If we study the Gospel accounts of the various healings performed by Jesus, we find that the majority of the people were healed, not through “gifts of healings,” but through their faith. Let us consider the differences between those two types of healings by looking at examples of both. We will first study the story of the crippled man at the pool of Bethesda, healed not by his faith, but through a “gift of healing” through Jesus.
Now there is in Jerusalem by the sheep gate a pool, which is called in Hebrew Bethesda, having five porticoes. In these lay a multitude of those who were sick, blind, lame, and withered, (waiting for the moving of the waters; for an angel of the Lord went down at certain seasons into the pool and stirred up the water; whoever then first, after the stirring up of the water, stepped in was made well from whatever disease with which he was afflicted.) A man was there who had been ill for thirty-eight years. When Jesus saw him lying there, and knew that he had already been a long time in that condition, He said to him, “Do you wish to get well?” The sick man answered Him, “Sir, I have no man to put me into the pool when the water is stirred up, but while I am coming, another steps down before me.” Jesus said to him, “Get up, pick up your pallet and walk.” Immediately the man became well, and picked up his pallet and began to walk (John 5:2-9).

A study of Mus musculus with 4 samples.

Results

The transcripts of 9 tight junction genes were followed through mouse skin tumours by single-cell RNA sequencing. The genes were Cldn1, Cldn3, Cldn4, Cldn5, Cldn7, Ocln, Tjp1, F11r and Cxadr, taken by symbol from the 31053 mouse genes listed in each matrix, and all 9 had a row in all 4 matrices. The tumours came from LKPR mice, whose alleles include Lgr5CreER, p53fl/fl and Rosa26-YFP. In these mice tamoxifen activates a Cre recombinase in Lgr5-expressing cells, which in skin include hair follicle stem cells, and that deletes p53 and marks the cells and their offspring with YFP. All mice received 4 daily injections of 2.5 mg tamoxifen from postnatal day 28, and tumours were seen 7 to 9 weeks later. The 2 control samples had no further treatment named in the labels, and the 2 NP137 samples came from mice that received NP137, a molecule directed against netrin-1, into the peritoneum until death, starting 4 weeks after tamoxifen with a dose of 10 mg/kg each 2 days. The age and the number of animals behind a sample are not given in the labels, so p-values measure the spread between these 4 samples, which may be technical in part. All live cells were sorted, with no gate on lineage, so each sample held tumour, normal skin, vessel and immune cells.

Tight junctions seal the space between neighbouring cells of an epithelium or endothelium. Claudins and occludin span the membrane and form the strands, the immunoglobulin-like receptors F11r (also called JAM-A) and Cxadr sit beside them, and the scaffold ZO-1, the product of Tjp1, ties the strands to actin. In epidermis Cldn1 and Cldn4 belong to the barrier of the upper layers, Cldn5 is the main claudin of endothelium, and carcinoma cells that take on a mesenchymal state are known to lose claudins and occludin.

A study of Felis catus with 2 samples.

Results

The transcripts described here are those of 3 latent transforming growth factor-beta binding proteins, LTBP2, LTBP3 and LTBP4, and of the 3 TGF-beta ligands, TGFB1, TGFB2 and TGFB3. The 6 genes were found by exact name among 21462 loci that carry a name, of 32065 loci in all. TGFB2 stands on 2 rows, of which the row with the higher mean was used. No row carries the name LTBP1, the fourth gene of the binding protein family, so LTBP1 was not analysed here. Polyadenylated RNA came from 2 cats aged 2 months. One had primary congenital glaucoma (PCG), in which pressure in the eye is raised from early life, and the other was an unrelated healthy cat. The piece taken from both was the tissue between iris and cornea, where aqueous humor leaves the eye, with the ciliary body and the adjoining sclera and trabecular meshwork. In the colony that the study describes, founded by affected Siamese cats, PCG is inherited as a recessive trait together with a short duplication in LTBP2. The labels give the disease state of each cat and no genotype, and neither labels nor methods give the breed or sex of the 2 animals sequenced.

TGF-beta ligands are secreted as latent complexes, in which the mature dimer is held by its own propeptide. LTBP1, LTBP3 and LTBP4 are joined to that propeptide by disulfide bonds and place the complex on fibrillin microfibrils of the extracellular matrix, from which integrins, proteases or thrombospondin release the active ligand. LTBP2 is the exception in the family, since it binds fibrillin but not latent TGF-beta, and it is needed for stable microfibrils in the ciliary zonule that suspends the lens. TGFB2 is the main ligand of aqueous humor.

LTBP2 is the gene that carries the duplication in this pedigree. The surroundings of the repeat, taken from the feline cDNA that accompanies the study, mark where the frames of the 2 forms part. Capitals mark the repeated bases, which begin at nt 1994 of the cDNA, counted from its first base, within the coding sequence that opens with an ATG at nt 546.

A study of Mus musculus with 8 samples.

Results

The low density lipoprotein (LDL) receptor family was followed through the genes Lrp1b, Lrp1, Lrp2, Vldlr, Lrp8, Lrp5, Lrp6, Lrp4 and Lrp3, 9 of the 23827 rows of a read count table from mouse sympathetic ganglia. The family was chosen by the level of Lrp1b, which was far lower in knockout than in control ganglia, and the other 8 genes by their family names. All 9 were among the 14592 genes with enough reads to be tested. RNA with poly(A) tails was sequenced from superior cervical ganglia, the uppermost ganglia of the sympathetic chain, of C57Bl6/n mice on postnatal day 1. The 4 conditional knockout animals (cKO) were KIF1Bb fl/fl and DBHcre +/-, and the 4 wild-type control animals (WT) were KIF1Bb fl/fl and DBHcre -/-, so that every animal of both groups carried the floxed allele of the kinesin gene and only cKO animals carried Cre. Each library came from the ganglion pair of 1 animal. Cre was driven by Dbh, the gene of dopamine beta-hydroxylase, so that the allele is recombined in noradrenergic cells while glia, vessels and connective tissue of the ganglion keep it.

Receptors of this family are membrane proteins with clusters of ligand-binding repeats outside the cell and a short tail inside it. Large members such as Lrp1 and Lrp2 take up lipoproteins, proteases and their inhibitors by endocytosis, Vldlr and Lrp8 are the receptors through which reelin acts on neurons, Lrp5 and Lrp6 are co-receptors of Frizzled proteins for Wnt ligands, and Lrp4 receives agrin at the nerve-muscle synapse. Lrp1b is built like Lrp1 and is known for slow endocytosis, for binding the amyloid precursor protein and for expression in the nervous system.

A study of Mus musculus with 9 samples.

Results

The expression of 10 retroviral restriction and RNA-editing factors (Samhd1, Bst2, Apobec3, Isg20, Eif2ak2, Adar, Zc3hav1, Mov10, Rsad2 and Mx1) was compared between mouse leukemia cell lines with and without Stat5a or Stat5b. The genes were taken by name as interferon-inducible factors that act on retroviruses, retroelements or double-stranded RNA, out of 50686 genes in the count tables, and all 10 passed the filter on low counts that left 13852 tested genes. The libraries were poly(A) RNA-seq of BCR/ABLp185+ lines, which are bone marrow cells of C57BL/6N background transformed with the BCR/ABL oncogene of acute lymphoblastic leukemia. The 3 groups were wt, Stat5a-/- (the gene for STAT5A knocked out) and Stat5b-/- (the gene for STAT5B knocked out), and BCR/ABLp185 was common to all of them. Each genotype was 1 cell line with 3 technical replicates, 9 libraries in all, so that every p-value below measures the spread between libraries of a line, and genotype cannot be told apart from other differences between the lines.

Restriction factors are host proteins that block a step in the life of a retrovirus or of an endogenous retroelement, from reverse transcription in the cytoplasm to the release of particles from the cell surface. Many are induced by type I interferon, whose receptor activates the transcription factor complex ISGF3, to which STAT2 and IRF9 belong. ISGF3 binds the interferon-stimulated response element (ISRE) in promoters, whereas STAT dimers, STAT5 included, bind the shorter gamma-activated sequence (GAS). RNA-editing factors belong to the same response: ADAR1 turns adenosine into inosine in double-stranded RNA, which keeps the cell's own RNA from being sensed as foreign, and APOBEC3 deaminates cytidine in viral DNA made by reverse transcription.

How do we know this man was healed, not by his faith, but through a “gift of healing”? There are several indications.
First, notice that this man hadn’t been seeking Jesus. Rather, Jesus found him sitting by the pool. If the man had been seeking Jesus, it would have been an indication of faith on his part.
Second, Jesus did not tell the man that his faith had healed him, as He often did when He healed other people.
Third, when the healed man was later questioned by the Jews as to who had told him to “arise and walk,” he responded that he didn’t even know who the Man was. So it definitely wasn’t his faith in Jesus that effected his healing. This was a clear case of someone who was healed through a “gift of healing,” manifested as the Spirit willed.
Notice also that even though there was a multitude of sick people waiting for the stirring of the waters, Jesus healed only one individual and left the remainder of the multitude sick. Why? Again, I don’t know. But again, this incident does not prove that it is God’s will for some to remain sick. Any and all of those sick people could have been healed through faith in Jesus. In fact, this could be the reason why this one man was supernaturally healed—to draw those sick people’s attention to Jesus, the One who could and would heal them if they would only believe.
Many times, “gifts of healings” fall under the category of “signs and wonders,” that is, miracles designed to draw attention to Jesus. That is why New Testament evangelists like Philip were equipped with various “gifts of healings,” because the miracles they performed drew attention to the gospel they were preaching (see Acts 8:5-8).
Sick Christians shouldn’t wait around for someone with “gifts of healings” to come by and heal them because that person and gift may never come. Healing is available through faith in Jesus, and, although not everyone will be healed through gifts of healings, everyone can be healed through his or her faith. Gifts of healings are placed in the church primarily so that unbelievers might be healed and so that attention might be drawn to the gospel. This is not to say that Christians won’t ever be healed through gifts of healings. God, however, expects His children to receive healing by faith.